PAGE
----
WESTFIELD, Ind. (AP) -- The Indianapolis Colts and Baltimore Ravens traded punches Saturday.
First-year Colts coach Frank Reich jabbed back quickly after fists flew, a helmet was tossed and the two sidelines emptied onto the field, first to help defend teammates and then to restore order.
Perhaps one or two scuffles could have been expected from two franchises that celebrated championships in Baltimore, especially given so many players are fighting for jobs. But the responses left the coaches in opposite corners.
"We're football players. We're professional football players. We're not fighters. This is not the MMA, we're not in a cage, so that's unacceptable," Reich said from the end zone of one of the fields at training camp. "We've got little kids up in the stands. We're role models. That's not what we're looking for. We want to find ways to execute football plays and win games. So I was very disappointed in that, and it led to a sloppy practice, at least on offense from what I saw."
Make no mistake about Reich's expectations.
He wants the Colts to be physical and protect their teammates by bailing them out of trouble, not creating more problems. But he also understands Indy's margin for error is small, so it can't afford missteps and must keep its emotions in check.
Off to the side of a second field, Ravens coach John Harbaugh seemed to scoff at the notion that the melee was any big deal.
"You know, it cracks me up," said Harbaugh, the brother of former Colts quarterback and current Michigan coach Jim Harbaugh. "Is this a healthy obsession we all have with fights at joint practices? It's really, it's nothing. It's much ado about nothing. It got broken up pretty quickly."
Clearly, this practice was more intense than Friday's workout, held on a damp field that became even softer as heavy rain arrived while the two teams were working out.
Colts receiver T.Y. Hilton, a four-time Pro Bowler, left practice early after spraining his left shoulder. He spent the rest of the afternoon on the sideline with ice on his shoulder.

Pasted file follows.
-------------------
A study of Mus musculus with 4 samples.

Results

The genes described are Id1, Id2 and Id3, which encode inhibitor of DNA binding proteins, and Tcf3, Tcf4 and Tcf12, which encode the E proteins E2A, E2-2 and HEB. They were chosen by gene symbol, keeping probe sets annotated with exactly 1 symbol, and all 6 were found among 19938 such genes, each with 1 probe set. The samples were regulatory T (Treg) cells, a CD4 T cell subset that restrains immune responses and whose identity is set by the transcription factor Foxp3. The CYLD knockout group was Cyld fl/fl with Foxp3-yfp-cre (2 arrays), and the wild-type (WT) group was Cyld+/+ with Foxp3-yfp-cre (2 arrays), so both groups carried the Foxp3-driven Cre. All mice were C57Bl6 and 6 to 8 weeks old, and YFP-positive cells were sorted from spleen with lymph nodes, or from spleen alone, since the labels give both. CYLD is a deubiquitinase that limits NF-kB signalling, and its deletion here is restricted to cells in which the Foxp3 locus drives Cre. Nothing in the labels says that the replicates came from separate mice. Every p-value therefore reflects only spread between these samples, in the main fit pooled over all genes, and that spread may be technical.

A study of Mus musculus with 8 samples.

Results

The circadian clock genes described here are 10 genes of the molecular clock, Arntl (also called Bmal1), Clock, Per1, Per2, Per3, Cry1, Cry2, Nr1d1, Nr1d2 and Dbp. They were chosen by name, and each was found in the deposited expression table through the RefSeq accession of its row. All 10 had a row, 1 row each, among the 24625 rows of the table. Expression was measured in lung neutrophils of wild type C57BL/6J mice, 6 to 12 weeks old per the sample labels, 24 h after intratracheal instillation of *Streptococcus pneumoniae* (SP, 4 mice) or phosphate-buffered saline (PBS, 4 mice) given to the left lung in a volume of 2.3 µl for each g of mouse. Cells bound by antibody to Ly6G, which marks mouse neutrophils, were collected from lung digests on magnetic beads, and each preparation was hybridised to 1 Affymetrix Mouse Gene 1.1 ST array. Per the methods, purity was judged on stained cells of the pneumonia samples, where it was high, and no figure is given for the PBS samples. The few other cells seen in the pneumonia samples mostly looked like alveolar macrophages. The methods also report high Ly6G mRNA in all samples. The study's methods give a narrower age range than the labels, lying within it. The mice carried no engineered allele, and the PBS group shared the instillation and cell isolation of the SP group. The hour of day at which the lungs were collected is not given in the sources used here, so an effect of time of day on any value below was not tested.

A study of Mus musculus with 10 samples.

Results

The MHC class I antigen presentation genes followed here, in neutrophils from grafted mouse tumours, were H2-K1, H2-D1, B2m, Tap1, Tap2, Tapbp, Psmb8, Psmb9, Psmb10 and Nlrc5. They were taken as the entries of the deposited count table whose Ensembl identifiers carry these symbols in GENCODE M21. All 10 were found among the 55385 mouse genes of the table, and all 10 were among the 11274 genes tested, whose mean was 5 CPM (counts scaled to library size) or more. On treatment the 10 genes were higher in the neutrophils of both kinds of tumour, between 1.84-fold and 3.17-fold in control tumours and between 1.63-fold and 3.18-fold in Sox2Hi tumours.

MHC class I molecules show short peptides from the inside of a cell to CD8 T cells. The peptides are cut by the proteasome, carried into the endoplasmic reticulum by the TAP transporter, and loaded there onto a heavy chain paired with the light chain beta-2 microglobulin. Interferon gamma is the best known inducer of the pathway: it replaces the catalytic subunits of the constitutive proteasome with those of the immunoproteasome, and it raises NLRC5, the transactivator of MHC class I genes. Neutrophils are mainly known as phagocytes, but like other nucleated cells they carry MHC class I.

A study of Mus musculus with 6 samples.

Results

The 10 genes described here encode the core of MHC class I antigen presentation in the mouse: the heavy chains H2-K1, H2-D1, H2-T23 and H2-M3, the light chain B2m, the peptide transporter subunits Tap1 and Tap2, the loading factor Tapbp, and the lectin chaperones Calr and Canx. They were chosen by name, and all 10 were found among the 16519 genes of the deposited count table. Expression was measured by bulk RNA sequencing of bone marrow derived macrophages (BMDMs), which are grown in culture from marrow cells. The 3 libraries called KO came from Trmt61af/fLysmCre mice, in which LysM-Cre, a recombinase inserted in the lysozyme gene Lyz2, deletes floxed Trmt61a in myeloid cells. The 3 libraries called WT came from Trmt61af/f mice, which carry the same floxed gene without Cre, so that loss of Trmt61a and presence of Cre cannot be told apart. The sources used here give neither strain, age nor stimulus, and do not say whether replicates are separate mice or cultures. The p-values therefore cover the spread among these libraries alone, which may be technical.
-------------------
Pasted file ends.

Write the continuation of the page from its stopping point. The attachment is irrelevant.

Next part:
K.J. Brent, vying to become Indy's fourth receiver, didn't finish either. He remained on the ground for several minutes after appearing to land awkwardly while taking a hard hit. Reich said Brent hurt his right knee and was uncertain about the severity.
Both injuries occurred before the punt return that led to the biggest skirmish, which prompted complaints from fans watching the Colts' final camp practice.
Twenty minutes later, it happened all over again as rookie receiver Reece Fountain and Ravens cornerback Stanley Jean-Baptiste were locked in a hand-to-hand battle. A couple of punches appeared to be thrown, though none landed.
The teams meet on Monday night in a preseason game.
Afterward, players brushed aside any notion of the play being out of bounds and instead embraced the concept of working against other teams.
"It's kind of cool to go against different styles. It gives our receivers, it gives me a different look," Ravens quarterback Joe Flacco said. "We've been in camp a really long time. I think I can say this breaks up camp a little bit."
Colts quarterback Andrew Luck even suggested the last two practices rekindled some of his old childhood memories.
"Thanks for letting us tear it (the field) up," Luck said, thanking the grounds crew at this northern Indianapolis suburb. "It's like playing pee-wee football in the mud and muck over here, so thanks."
But Reich's message could have been uttered by any Pop Warner coach.
And he certainly hopes the Colts have learned a crucial lesson.
"There's no place for that (punches), there's just no place for that," Reich said. "It's bush league, it's undisciplined. Teams that do that and players that do that lose. In the long run, players and teams that do that lose, and that's not the kind of team we want to be."